A Visit to Llandudno (2 miles)
Llandudno is a perfectly preserved Victorian seaside resort enclosed by the headlands of the Great Orme and Little Orme. The Great Orme can be ascended by cable railway or cabin lift. As though to prove that it's twice as good as other seaside resorts, Llandudno has twice as many beaches, both award winning, the quiet West Shore with its spectacular views and the lively North Shore with all the fun, not forgetting the famous pier. Llandudno beach was once voted by Harper's and Queen Magazine as one of the world's top 50 beaches.
Llandudno's highlight is the Great Orme, a towering 679 foot limestone headland and Country Park, whose summit you can reach either by the longest cable-operated tramway in Britain, or by a thrilling Cable Car ride. Once at the top, you'll find a Visitor Centre and a Summit Complex with bar and restaurant. You can visit the 4000 year old Copper Mines and explore the underground passages leading to an impressive Bronze Age Cavern. On the lower slopes is Ski Llandudno with an artificial ski slope and 700 metre toboggan run.
If you don't like heights, you can sail around the Orme in a pleasure boat! Llandudno is the resort where the real Alice in Wonderland (Alice Liddell) spent her childhood summers, and in the Alice in Wonderland Centre, you can venture down the rabbit hole and re-live her adventures.
Art lovers must visit Oriel Mostyn which exhibits many famous works of art, sculpture and photography. And if you like to learn more about the fascinating history of Llandudno, the Llandudno Museum and Library are essential places to visit. On a lighter note, Llandudno's Pier, stretching out into the sea is 2,220 feet of fun and amusement.
Venue Cymru is Llandudno’s theatre and conference centre, offering a varied and full programme of drama, music, comedy and film shows of international standard for all ages, and featuring many famous names on tour through Europe.
The Harlequin Puppet Theatre, in Rhos-on-Sea Britain's premier Marionette Theatre is the first and only permanent theatre designed and built for puppets, and has, since 1958, entertained a vast number of adults and children and influenced the course of puppetry in Britain. There is a special backstage area of interest to puppeteers, with details & pictures of productions & puppets, the story of the theatre and the puppet masters who built it. It is a rich source of information for research into the British marionette tradition. There is an area showing technical details and useful designs, ideas and scripts for puppeteers.
A Visit to the medieval town of Conwy (2 miles)
Conwy is without doubt the best preserved medieval town in Wales. Boasting a rich heritage and a unique atmosphere, Conwy, the gateway to Snowdonia is guarded by its imposing castle and is reached via the bridge over the Conwy estuary.
Conwy's medieval walls are among the best preserved in Europe and are now accorded World Heritage status. The town and Conwy Castle were founded by King Edward I in 1283. The walls are over three quarters of a mile (1.2km) in length, and have 22 towers, with some excellent views of the Snowdonia mountain range. Visitors are advised to take care when walking the walls, particularly in wet weather, as the gradient is steep and the surface uneven. Conwy town walls are maintained by CADW.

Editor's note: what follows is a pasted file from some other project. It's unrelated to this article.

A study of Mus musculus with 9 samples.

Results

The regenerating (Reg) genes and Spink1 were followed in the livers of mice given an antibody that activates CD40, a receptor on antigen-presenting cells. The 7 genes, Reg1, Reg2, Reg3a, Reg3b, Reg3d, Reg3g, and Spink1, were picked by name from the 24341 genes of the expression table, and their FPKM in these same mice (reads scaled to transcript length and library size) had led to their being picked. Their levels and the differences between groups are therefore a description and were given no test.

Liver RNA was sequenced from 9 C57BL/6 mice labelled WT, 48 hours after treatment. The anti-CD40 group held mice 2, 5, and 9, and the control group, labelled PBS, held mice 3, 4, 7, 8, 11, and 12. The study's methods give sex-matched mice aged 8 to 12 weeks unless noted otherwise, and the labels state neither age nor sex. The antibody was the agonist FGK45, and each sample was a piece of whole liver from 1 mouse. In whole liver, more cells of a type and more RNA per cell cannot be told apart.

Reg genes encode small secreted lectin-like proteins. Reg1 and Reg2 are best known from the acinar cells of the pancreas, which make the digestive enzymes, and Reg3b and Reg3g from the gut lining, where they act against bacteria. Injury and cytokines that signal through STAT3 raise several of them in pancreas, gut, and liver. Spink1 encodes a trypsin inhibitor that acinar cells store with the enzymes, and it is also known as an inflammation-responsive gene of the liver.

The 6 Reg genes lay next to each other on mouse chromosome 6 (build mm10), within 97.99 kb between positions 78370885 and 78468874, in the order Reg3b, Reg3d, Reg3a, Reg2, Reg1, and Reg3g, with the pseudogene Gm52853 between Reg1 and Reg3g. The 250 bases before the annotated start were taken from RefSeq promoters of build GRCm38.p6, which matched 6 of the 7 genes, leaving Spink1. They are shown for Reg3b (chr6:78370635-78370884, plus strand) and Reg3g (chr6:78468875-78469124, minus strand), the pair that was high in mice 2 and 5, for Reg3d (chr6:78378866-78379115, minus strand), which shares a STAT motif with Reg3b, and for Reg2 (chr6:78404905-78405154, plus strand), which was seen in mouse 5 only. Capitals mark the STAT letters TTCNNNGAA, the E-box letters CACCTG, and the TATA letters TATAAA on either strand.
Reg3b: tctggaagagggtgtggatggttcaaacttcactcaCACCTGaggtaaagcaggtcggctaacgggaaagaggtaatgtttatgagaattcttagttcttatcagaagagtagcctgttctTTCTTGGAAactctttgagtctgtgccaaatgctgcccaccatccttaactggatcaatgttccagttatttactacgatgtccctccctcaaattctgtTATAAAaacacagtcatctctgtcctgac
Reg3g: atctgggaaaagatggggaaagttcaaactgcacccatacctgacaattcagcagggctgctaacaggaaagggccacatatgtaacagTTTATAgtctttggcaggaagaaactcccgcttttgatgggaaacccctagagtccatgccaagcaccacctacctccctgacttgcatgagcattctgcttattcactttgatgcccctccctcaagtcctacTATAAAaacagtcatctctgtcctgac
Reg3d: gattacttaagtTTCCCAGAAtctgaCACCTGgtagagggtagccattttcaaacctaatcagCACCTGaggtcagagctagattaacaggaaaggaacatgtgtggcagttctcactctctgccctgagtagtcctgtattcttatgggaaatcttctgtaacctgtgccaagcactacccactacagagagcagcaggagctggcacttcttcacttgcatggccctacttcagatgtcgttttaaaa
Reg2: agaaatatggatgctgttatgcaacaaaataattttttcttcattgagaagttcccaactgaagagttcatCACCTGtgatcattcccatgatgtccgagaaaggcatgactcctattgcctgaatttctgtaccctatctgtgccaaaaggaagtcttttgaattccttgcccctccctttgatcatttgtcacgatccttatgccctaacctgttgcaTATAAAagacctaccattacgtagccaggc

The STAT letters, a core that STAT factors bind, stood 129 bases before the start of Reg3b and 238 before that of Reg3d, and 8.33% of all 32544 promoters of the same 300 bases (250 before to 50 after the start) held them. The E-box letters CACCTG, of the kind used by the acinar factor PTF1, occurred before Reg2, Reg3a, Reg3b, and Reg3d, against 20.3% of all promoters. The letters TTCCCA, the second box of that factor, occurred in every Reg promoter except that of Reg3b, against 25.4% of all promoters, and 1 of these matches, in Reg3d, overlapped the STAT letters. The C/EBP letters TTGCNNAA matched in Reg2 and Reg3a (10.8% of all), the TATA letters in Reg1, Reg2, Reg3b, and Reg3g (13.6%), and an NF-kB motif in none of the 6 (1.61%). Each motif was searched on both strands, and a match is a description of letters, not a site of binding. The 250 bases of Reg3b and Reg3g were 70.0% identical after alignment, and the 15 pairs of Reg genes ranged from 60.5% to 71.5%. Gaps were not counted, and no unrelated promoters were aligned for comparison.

Thomas Telford's famous castellated suspension bridge, spans the Conwy estuary. The bridge is now used as a pedestrian bridge into the town. The graceful structure was completed in 1826. It replaced the Conway ferry, which was previously the only means of crossing the river. The tubular railway bridge is the work of Robert Stephenson and was constructed in 1846.
The well kept town has many characterful and atmospheric narrow streets and interesting historic buildings and is well worth a visit.
Pleasure trips are available on the River Conwy. The Conwy Estuary provides excellent opportunities for birdwatching, and is home to many species of wading and migrant birds. The Estuary hosts large numbers of ducks and waders. In the winter months a large gull roost is known to form near dusk. Ospreys can be sighted during the Spring and late Summer months.
Aberconwy House, a fascinating white timber and stone building is now a National Trust shop. It dates from the fifteenth century, perhaps as early as 1400 and is the only surviving example of a medieval merchant's town house, which once abounded in Conwy.
On the busy quayside, by the bobbing fishing boats and shrilly calling gulls, stands the smallest house in Britain, the red painted dwelling consists of two rooms linked by a staircase and was said to have been built in the town walls to avoid paying taxes. The house has been occupied since the 16th century and last occupied in around 1900, by Robert Jones, a local fisherman, whose descendants still own the house today.
Plas Mawr, (which translates as 'great mansion') just off the High Street, an architectural gem, is one of the best preserved Elizabethan town houses in Britain and perhaps the most visited building after the castle. It was once owned by the influential Robert Wynn, a courtier who rose to eminence amongst the Welsh gentry.
The Art Gallery is situated in a converted chapel on Crown Lane, behind Plas Mawr, housing exhibitions by the Royal Cambrian Academy of Art. It displays work by Academy members, almost all Welsh.
The RSPB Nature Reserve on the Conwy Estuary is a must for birdwatchers.
At Conwy Butterfly Jungle in Bodlondeb Park, visitors can see some of the most beautiful tropical butterflies on Earth in free flight around them, in a complimentary jungle garden setting. A fascinating experience.